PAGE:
HUDSON'S BAY COMPANY men first sailed into the CHURCHILL RIVER in 1686 , but it was not until 1717 that the HBC governor James Knight built a permanent post there, about 8 km from the mouth of the river. This early post was variously called Churchill River, Churchill or Churchill Factory until 1719, when the name was changed to Prince of Wales Fort. The company was interested not only in furs, but also in establishing a whaling industry. Fear of a sea attack by the French led the HBC to construct a stone fort that would command the entrance to the Churchill River. By August 1731 tradesmen had picketed the fort, which was 91.4 m2, at the mouth of the river on Eskimo Point (now Arviat). The walls of the original ramparts were completed in 1739, and the following year HBC governor Richard Norton moved to the new site. Work on the fort appears to have been practically continuous until 1771.
An animated version of the history of Fort Prince of Wales. From YouTube.
In August 1782, 3 French ships and about 300 men, under the command of the comte de Lapérouse, arrived at the mouth of the Churchill River. The fort was easily captured; its masonry was poor and Samuel HEARNE, governor of the fort, had insufficient men to operate its 42 guns. Hearne and the men were taken prisoner. Before sailing, Lapérouse spiked the cannon and blew up the buildings. The company ship arrived the following year and Hearne re-established the fur-trading post about 7-8 km upriver. He called it both Churchill Factory and Prince of Wales Factory. Prince of Wales Fort was neglected until 1934-35, when the Canadian government had the cannon dug up and remounted and the walls repaired. Today the partially restored fort is a national HISTORIC SITE and one of the main tourist attractions of the area around CHURCHILL, Man.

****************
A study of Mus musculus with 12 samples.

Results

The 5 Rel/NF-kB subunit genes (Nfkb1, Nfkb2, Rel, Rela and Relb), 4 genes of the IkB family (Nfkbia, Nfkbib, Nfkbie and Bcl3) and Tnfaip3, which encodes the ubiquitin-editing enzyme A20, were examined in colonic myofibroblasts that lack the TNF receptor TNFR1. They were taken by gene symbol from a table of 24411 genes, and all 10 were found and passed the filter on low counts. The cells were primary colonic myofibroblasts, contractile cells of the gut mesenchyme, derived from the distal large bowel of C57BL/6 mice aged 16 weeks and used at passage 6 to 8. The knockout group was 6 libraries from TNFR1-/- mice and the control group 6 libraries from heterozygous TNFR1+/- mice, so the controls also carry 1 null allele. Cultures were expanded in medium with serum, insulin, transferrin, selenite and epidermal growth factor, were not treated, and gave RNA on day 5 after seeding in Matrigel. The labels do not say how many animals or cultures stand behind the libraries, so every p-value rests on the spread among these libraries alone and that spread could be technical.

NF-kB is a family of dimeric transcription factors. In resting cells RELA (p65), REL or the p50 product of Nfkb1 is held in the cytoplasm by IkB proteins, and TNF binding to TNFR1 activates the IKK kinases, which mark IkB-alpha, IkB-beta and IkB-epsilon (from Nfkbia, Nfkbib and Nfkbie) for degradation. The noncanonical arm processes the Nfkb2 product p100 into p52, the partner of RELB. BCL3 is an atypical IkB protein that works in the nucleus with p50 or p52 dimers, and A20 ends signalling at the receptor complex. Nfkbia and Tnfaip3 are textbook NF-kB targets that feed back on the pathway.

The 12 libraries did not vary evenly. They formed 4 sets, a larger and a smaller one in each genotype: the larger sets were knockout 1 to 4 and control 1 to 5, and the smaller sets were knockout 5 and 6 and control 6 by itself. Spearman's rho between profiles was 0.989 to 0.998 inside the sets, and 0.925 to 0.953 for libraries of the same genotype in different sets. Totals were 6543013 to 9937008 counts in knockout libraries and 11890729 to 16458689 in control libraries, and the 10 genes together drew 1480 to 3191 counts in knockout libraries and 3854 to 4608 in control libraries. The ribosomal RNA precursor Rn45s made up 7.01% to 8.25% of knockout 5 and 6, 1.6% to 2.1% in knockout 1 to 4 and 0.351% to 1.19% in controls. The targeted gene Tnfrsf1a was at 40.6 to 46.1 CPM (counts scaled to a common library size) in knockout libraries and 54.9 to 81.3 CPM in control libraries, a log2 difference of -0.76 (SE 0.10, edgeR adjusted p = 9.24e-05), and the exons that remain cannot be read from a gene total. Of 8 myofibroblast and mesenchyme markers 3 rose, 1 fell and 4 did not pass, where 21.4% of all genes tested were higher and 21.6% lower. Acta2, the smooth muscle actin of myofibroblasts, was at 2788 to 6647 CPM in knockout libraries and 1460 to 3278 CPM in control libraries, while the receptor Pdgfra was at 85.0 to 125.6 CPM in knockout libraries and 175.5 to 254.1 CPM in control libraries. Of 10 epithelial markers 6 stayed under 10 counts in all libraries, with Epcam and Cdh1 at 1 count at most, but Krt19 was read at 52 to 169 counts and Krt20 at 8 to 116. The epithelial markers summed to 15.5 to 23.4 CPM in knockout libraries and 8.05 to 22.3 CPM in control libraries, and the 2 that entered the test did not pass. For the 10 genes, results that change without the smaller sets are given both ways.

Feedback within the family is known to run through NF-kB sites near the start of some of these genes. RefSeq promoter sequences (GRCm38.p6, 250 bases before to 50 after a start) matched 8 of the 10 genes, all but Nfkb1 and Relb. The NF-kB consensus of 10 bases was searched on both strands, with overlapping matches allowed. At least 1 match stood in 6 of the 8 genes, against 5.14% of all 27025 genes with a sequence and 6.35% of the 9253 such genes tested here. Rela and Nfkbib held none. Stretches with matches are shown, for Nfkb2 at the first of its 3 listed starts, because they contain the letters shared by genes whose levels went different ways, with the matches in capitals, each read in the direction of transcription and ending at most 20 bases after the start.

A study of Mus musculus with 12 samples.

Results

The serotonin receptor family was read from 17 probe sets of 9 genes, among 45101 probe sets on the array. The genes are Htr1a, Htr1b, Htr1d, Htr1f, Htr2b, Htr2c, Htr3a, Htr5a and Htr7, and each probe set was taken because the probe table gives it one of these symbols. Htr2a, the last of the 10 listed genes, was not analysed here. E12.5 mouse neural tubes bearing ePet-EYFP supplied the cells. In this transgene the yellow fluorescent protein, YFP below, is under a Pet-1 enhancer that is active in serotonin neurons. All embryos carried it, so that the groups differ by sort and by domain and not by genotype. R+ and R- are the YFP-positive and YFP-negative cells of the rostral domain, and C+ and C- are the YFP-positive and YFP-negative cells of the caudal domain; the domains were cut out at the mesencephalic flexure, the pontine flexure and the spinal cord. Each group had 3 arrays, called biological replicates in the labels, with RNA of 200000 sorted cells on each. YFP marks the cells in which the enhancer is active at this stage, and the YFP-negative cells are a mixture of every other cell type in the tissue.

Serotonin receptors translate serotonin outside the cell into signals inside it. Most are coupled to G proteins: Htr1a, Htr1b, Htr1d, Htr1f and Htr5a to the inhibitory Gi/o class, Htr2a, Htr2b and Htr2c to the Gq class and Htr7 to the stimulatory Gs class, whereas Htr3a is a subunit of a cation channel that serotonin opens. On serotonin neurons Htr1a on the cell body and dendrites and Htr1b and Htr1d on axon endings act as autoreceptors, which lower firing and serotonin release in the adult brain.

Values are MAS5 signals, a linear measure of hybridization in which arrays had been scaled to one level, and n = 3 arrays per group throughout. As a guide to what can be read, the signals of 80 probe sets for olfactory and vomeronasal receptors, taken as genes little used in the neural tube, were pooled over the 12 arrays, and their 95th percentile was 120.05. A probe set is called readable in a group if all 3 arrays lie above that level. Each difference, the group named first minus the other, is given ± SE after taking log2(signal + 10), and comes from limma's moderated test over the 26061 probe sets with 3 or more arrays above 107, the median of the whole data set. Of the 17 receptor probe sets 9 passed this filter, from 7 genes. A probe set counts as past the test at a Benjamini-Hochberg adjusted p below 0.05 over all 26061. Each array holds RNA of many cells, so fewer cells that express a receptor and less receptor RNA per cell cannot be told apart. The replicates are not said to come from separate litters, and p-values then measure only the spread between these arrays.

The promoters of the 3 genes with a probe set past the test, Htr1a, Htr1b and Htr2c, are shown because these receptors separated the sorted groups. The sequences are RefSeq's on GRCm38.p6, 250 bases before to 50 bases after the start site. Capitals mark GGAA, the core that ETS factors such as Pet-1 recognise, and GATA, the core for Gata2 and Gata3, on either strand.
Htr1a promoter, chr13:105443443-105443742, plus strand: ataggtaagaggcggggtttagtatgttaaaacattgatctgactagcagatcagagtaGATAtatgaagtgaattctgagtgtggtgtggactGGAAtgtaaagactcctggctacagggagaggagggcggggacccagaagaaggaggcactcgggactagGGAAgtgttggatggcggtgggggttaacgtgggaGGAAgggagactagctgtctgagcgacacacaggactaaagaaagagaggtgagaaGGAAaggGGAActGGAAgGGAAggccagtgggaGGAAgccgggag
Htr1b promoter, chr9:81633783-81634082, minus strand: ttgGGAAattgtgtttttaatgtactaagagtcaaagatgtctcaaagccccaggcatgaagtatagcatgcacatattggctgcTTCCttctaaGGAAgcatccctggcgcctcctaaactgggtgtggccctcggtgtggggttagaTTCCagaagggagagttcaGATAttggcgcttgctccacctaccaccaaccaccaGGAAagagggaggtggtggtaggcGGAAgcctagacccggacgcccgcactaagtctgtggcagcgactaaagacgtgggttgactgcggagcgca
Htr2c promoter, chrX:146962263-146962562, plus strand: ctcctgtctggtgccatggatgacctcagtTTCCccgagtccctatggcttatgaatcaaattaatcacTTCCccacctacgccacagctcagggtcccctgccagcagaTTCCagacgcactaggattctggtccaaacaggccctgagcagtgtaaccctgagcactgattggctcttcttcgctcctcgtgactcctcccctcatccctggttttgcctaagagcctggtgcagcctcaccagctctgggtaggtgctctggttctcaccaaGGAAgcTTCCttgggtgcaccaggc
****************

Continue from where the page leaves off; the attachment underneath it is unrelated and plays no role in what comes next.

Prince of Wales Fort
Prince of Wales Fort In 1717 James Knight built a permanent post about 11 km from the mouth of the Churchill River. It was called Churchill Factory until 1719, when the name was changed to Prince of Wales's Fort. By Samuel Hearne, circa 1799 (courtesy Library and Archives Canada/C-41292).
SHIRLEE ANNE SMITH
Links to Other Sites Prince of Wales Fort
This illustrated Parks Canada website is dedicated to the history of Prince of Wales Fort National Historic Site of Canada.
Hudson's Bay Company Archives
A comprehensive information source about the history of the Hudson’s Bay Company and the fur trade in Canada. A Manitoba Government website.
The Canadian Register of Historic Places
Canada is home to a vast array of fascinating historical sites. Many of them are illustrated and described in this searchable online database of Canadian historic places that are of local, provincial, territorial, and national significance.
A profile of Samuel Hearne from the “Dictionary of Canadian Biography Online.”
Lapérouse Captures Hudson Bay Forts
This Parks Canada website offers a brief profile of the remarkable 18th century French naval officer and explorer Jean-François Galaup, Comte de Lapérouse.
Prince of Wales's Fort
This story offers fascinating details about daily life in an 18th century Hudson’s Bay fur trading post. From the Manitoba Historical Society.